5 Reasons For Turning Down Work Not every project is right for you or the client

05-30-2014 05:30 PM

When you are earning a living from your skills in a competitive industry, such as ours, it can be all too easy to accept EVERY job that comes your way… especially if you are just starting out. Accepting every project is not an honest means of earning a living. It increases the chance of you making mistakes, letting clients down and providing below average services… which altogether can potentially damage your reputation.
It takes time to develop the disciplines, mindsets and confidence to not accept work that may not be right for you or the client. I want to share with you some guidelines I use when making such decisions to turn work away.
1. Potential client with a bad attitude
When meeting a potential client for the first time you need to be able to work out if you can work with them in a creative capacity and on a professional level. Some clients can be very difficult to work with. I have found that it is best not to start a business relationship with someone that shows signs early on of difficulties to collaborate with others. If I feel a potential client will bring me more grief than good then I don’t bother taking on their future projects. Check out - ‘Bad Clients – Bad For Business’ for a more in depth article about dealing with bad clients.
2. Project brief is non existent or unclear
I like to have a brief for every project. This gives me a chance to quote the project correctly, structure targets with time frames and most importantly aim towards a solid outcome that both the client and myself agree on. If a brief is non-existent, unclear or changes every time the wind blows I walk away. From my experience I generally find whatever I do in the course of these types of working relationships will be wrong. I’ll be to blame for things “that are wrong” as the client never knew or formally agreed with me, in the form of a brief, what they wanted in the first place.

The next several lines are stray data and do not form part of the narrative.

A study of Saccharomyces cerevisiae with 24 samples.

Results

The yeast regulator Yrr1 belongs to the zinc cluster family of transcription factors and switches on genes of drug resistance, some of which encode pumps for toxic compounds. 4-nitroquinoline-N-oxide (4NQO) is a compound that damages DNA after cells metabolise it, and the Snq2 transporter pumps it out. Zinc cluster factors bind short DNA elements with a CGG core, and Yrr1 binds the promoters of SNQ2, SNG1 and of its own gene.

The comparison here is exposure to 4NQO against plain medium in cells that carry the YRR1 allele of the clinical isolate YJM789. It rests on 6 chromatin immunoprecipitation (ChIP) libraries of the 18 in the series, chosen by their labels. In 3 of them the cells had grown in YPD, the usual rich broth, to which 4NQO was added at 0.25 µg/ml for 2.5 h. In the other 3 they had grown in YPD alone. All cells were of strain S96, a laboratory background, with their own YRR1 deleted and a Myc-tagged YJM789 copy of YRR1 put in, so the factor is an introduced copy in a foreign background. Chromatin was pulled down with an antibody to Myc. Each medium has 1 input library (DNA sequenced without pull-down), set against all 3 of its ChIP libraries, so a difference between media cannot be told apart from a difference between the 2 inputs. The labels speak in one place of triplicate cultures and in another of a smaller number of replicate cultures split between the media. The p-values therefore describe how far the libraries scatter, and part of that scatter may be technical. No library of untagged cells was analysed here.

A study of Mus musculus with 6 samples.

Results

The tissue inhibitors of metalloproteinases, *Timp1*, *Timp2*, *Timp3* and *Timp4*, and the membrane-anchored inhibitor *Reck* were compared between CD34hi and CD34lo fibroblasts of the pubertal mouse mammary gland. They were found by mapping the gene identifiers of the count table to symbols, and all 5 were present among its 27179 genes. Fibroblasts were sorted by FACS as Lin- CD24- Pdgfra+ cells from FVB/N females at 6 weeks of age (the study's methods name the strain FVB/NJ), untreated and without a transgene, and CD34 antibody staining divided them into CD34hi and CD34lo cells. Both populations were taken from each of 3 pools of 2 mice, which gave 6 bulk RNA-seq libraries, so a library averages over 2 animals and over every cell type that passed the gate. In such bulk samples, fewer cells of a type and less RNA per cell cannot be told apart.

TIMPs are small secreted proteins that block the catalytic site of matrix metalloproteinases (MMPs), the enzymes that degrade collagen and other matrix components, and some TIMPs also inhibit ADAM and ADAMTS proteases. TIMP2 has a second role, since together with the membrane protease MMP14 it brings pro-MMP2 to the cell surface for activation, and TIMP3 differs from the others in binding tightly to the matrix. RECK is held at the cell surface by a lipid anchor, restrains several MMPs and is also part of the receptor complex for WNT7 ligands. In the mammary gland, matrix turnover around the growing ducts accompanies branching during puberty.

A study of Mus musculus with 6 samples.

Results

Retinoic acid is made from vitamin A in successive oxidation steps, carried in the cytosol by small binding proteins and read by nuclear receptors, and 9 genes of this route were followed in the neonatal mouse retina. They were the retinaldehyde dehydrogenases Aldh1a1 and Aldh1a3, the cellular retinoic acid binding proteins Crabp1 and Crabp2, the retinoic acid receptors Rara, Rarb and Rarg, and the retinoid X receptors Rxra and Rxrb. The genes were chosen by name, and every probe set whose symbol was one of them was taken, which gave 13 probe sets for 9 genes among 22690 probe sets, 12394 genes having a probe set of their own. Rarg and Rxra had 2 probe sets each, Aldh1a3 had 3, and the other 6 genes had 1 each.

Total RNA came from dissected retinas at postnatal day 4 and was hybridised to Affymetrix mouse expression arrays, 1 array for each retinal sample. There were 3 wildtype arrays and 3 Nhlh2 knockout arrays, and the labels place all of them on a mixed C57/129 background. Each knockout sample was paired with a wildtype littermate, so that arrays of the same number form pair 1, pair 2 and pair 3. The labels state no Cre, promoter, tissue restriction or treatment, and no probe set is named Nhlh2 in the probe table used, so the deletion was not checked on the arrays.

3. You know your skills and services cannot offer value
If a client requires skills you do not have then you need to ask yourself “Can I add value to their project?” Put simply… adding value means will the client get the best from your services they are investing in and will you get value out of it as a professional by not wasting time fixing problems you could have avoided. I like to under promise and over deliver.
4. You are busy and cannot complete projects within deadlines
You must prioritise what work you already have. If you already have a lot of deadlines in your calendar they need to be considered before you take on any more projects that need your attention around the same time as the others. I never overload my deadlines list for fears I will let someone down or provide a project that I believe is below my best. If clients cannot amend their deadlines I recommend they get their requirements met at another studio.
5. You have set time aside for personal down time or holiday
Try not to be tempted to take last minute projects if you have already arranged time off work to spend with your family or friends. In my first year of business I constantly let people in my personal life down by rescheduling plans and taking a ‘quick hour session here’ and a ‘half-day there’. In the beginning of my business I was afraid that I needed to take every project and booking in order to survive. This belief became the norm for me and sadly I lost a few friendships along the way.
You have to work hard in life… you also have to play hard… or what’s the point.
Turning work away is a good thing; it should be embraced as a sign of your success and proof of your abilities. We all wear lots of hats these days in the sound production industry. From time to time we all need to remember that we cannot wear every single hat at once and expect success.